11/10 Fun Home Response

November 9th, 2010

I believe that what Julia Watson is suggesting in“Autographic Disclosures and Genealogies of Desire in Alison Bechdel’s Fun Home” is that visual and verbal representations  are equally as valid and important in representing the “self” as verbal representation alone. The cartoonish approach of Fun Home invites the reader to read differently by combining visual and lexical choices, which require as much attention as any other conventional approach. Watson argues that:

“At the same time it (Autographics) is intertextual, incorporating a wealth of Modernist literary references into comics that turns the form into a forum on the multi-textual pastiche of contemporary culture.”

“Autographics” is then defended as the natural response to modern culture, and its comic phenotype should not be simply regarded as comical,  it is still an auto/biography (that may or may not be a funny read).

I agree with Watson’s argument that cartoon representation enhances verbal representation, though I expected to laugh a little more than I did. The biggest challenge in accepting Autographics as a serious form of autobiography is that it employs the element of cartoons, and I can’t help but think of “Tom and Jerry” when I hear the word. Anyways, I enjoyed seeing as I was reading, instead of imagining faces and places like most books require.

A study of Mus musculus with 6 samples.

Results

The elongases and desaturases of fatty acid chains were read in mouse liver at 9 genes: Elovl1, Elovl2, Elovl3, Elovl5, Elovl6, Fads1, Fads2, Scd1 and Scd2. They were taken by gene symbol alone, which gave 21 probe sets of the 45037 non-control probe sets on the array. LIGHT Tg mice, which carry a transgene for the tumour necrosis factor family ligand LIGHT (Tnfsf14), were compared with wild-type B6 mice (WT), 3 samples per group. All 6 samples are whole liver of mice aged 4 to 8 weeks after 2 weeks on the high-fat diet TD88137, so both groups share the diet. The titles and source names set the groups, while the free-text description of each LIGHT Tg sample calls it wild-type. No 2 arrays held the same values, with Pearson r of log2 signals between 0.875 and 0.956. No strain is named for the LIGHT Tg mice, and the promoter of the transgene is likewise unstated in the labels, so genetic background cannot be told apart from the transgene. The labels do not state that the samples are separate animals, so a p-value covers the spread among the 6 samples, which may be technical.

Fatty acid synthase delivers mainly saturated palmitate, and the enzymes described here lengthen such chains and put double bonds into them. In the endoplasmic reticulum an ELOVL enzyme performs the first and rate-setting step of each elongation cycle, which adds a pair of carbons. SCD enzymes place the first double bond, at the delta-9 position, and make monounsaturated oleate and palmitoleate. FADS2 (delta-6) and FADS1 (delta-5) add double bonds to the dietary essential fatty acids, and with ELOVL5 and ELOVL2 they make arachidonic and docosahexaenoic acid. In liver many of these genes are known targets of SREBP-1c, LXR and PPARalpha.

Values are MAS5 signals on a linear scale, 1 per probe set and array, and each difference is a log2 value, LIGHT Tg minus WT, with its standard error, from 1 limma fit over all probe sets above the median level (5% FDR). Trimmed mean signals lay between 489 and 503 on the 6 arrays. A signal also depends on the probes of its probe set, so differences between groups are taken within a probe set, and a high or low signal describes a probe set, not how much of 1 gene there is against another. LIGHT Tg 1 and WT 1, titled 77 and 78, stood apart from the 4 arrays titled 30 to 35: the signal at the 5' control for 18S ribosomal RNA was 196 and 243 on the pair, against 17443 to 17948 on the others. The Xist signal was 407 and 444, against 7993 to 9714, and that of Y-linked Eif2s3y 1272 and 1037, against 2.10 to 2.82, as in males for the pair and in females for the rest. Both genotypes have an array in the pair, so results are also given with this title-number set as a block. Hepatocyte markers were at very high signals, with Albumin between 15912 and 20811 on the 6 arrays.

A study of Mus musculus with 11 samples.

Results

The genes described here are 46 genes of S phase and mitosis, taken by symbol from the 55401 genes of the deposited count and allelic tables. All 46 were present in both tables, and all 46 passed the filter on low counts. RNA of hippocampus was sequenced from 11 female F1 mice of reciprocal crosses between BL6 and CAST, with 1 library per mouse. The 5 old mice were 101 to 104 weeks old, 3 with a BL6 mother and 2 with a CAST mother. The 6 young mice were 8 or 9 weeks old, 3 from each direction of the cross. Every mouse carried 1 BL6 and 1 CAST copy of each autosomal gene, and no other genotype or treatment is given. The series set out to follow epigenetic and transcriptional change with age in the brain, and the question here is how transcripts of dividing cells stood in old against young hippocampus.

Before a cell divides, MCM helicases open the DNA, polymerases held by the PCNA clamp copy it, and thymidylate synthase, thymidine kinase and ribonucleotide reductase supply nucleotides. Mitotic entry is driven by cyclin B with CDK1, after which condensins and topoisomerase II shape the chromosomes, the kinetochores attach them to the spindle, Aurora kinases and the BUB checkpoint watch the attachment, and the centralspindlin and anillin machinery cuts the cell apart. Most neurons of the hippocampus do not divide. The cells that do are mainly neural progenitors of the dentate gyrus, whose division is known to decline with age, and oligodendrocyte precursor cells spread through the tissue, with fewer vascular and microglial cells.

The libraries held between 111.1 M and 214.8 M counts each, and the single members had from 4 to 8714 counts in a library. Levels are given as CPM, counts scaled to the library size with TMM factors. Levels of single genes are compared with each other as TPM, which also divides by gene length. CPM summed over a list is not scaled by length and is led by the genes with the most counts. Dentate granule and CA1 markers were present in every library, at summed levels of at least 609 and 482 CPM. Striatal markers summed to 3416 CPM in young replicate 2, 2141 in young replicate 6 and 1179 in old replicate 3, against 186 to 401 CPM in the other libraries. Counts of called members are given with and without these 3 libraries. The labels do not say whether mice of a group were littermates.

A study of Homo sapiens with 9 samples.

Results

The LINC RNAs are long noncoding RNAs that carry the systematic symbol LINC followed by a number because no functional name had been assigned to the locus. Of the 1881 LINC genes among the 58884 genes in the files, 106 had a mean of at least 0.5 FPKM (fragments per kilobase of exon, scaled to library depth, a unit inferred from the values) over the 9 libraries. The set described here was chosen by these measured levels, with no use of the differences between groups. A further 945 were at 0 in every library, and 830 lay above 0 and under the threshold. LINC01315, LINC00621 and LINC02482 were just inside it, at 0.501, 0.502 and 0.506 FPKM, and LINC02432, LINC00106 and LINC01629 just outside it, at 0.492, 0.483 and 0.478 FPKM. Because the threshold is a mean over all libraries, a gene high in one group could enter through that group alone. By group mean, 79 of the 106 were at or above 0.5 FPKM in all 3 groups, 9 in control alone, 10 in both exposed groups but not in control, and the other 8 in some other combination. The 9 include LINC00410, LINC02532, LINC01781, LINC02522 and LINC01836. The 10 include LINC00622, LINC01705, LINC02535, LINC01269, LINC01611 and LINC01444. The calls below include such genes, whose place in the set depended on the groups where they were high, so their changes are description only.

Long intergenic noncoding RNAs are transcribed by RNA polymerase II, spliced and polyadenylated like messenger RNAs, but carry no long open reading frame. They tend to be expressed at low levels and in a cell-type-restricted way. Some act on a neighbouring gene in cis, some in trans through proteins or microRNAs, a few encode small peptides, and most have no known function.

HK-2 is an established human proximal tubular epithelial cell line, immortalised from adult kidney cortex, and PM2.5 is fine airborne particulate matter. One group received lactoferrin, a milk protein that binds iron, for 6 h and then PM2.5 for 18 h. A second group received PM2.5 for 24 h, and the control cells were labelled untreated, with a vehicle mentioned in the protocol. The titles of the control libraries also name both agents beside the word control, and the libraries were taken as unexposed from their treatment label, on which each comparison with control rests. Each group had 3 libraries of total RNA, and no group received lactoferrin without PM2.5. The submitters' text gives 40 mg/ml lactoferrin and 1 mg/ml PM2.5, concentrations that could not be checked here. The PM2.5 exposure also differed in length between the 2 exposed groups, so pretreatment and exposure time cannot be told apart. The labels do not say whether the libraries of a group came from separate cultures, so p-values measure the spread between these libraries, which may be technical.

11/3 The Kiss Response

November 9th, 2010

“… these nowheres and notimes are the only home we have.”

Indeed, The Kiss is a book that is hard to relate to for its dealings with incest- I had to put it down several times though it can be read in a day-  until I decided to focus on other themes, such as that of undergoing a loss. Phrases like the one stated above allowed me to bypass the crudeness of the primary content and focus on what perhaps others find unimportant, but I found relatable. I will say then that Harrison was lost, that her father was not a “guardian angel” but the object of her loss, and that we can all relate to that. Replace the father with a deep personal loss, perhaps that of a home, a job, a lover, a pet, a time in our lives, and imagine that you can journey back to it, that is how The Kiss becomes relatable.

Of course, most of us will not have taken the same route back, Harrison slept with her loss and well we know what happened after… but we all long to get back what we lose and seems untimely. Forging romantic ideas, looking for second chances, our journey begins much like Harrison’s, only that romantic for her turned into romance, and her second chance was more like a recipe for emotional disaster. I will not hate her for it, but make no mistake, even if I could I would not be her friend.